Who recognizes this fresco?

It has a lot to do with LAW and VIRTUE…(and, at the sides of the door, there are a couple of persons you certainly know!)


4 thoughts on “Who recognizes this fresco?

  1. Flavia Guglielmi says:

    This fresco is “The Cardinal and Theological Virtues” by Raphael and you can find it in the Palazzi Vaticani in Vatican City. I can recognize Triboniano and Giustiniano and Gregorius IX that approves “the Decretali”.

    Liked by 1 person

  2. Federica Rossi says:

    It’s a fresco which is part of the four rooms painted by Raffaello Sanzio within the Vatican Museums. It is called “Virtù Cardinali e Teologali e la Legge”. Upside in the halfmoon are depicted the cardinal virtues, from the left to the right side, Strenght , Prudence and Temperance; the sacred virtues are embodied by the little angels among the feminine figures, representing the values of charity, hope and faith. Downside on the left Tribonian is delivering to Justinian the Digest and on the opposite side Gregory XI is approving the Decretals. These scenes remind to me a symbolic representation of the “two suns theory”: both authorities, imperial and papal, are legitimate, showing the same dignity. Both have to reign keeping in mind the moral and holy values.

    Liked by 1 person

  3. Antonio Belviso says:

    Today we are talking also about a very interesting argument, Film as law. One of the basic cinematographic law is the rule of 180°, a rule used also in comics. Expecially in dialogue scenes, directors use the tecnique of shot reverse shot, showing now the face of one speaker, and then the face of the other one, sometimes showing the other interlocutor seen from the back, but never bypassing the imaginary geometry plane between them, not to confuse the spectator. One of the best known exception is the famous scene of long shot at ground level in the great masterpiece movie “Citizen Kane” by Orson Welles, the great actor and director of which today marks the centenary of the birth.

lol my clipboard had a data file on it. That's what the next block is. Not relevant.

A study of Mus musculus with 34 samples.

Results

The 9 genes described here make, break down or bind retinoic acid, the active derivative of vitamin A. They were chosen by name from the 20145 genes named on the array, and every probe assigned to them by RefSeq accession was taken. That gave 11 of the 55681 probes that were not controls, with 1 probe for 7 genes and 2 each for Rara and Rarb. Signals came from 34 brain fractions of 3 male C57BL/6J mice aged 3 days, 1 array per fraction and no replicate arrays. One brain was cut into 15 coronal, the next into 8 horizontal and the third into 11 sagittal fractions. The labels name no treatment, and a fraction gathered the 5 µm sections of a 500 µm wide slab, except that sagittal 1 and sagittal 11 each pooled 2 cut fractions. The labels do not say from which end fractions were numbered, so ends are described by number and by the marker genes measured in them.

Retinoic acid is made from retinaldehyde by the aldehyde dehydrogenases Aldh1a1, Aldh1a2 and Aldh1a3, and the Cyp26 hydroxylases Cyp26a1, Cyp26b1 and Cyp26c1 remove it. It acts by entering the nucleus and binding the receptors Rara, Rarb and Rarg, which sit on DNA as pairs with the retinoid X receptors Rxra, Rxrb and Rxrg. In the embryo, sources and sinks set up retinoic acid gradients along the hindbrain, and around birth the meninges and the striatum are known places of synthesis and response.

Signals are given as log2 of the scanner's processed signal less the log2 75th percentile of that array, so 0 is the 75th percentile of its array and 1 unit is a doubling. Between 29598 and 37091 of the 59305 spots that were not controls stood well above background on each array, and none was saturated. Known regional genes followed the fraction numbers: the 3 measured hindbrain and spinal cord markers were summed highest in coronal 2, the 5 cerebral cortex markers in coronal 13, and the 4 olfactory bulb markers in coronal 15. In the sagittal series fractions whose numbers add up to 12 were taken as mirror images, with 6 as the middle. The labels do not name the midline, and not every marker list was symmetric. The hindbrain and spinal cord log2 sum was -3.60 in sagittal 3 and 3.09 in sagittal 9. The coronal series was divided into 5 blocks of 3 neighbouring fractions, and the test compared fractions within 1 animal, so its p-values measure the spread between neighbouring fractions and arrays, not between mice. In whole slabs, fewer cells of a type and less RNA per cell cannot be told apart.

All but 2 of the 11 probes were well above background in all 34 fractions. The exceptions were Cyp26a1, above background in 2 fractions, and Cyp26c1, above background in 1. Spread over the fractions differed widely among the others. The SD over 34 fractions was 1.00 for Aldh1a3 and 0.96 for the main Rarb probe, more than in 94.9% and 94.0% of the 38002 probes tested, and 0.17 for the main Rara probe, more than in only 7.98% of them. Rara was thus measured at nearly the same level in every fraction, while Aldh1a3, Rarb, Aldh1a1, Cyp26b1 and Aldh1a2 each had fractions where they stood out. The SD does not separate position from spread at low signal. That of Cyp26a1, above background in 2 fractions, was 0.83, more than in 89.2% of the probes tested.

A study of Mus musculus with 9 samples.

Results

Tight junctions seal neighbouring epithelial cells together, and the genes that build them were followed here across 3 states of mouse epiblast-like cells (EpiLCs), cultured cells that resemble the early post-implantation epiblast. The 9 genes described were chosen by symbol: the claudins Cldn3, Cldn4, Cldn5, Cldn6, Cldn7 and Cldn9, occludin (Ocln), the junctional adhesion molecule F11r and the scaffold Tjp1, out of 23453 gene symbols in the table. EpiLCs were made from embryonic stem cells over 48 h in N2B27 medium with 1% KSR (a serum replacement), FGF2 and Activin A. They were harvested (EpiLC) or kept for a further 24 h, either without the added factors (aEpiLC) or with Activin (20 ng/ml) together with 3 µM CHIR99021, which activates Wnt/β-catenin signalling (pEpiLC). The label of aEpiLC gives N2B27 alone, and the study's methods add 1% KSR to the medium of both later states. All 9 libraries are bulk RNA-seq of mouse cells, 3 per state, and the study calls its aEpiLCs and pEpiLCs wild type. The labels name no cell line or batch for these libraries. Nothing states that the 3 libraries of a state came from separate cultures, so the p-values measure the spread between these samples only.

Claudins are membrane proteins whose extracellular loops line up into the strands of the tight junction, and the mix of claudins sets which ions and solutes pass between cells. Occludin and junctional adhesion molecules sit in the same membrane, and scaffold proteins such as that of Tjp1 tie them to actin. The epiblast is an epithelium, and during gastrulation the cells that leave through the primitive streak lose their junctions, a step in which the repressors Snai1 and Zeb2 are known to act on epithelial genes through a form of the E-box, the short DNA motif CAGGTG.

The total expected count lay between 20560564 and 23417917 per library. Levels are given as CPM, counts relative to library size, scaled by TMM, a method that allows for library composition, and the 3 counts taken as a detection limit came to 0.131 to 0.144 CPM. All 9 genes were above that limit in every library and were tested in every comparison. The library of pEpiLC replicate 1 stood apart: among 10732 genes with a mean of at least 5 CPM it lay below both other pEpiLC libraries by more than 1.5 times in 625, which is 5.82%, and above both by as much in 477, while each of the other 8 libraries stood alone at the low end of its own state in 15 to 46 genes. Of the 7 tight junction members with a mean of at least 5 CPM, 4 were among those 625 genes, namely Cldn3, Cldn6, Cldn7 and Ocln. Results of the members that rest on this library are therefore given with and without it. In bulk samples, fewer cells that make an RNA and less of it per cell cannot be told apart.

4. giulio says:

    The cardinal virtues are personified as three women in a bucolic landscape, and the theological virtues by cupids:

    Fortitude, a woman holding an oak branch, with the branch shaken by the cupid Charity
    Prudence, with two faces, looking in a mirror, with a cupid Hope behind her holding a flaming torch
    Temperance, holding reins in her hand, guarding a cupid Faith, who points at the sky with his right hand
    Another interpretation might see Prudence as holding the reins and Temperance with two faces. Prudence is traditionally called auriga virtutum (the charioteer of the virtues); it guides the other virtues by setting rule and measure and Temperance moderates the attraction of the pleasures of the senses and provides balance in the use of created goods.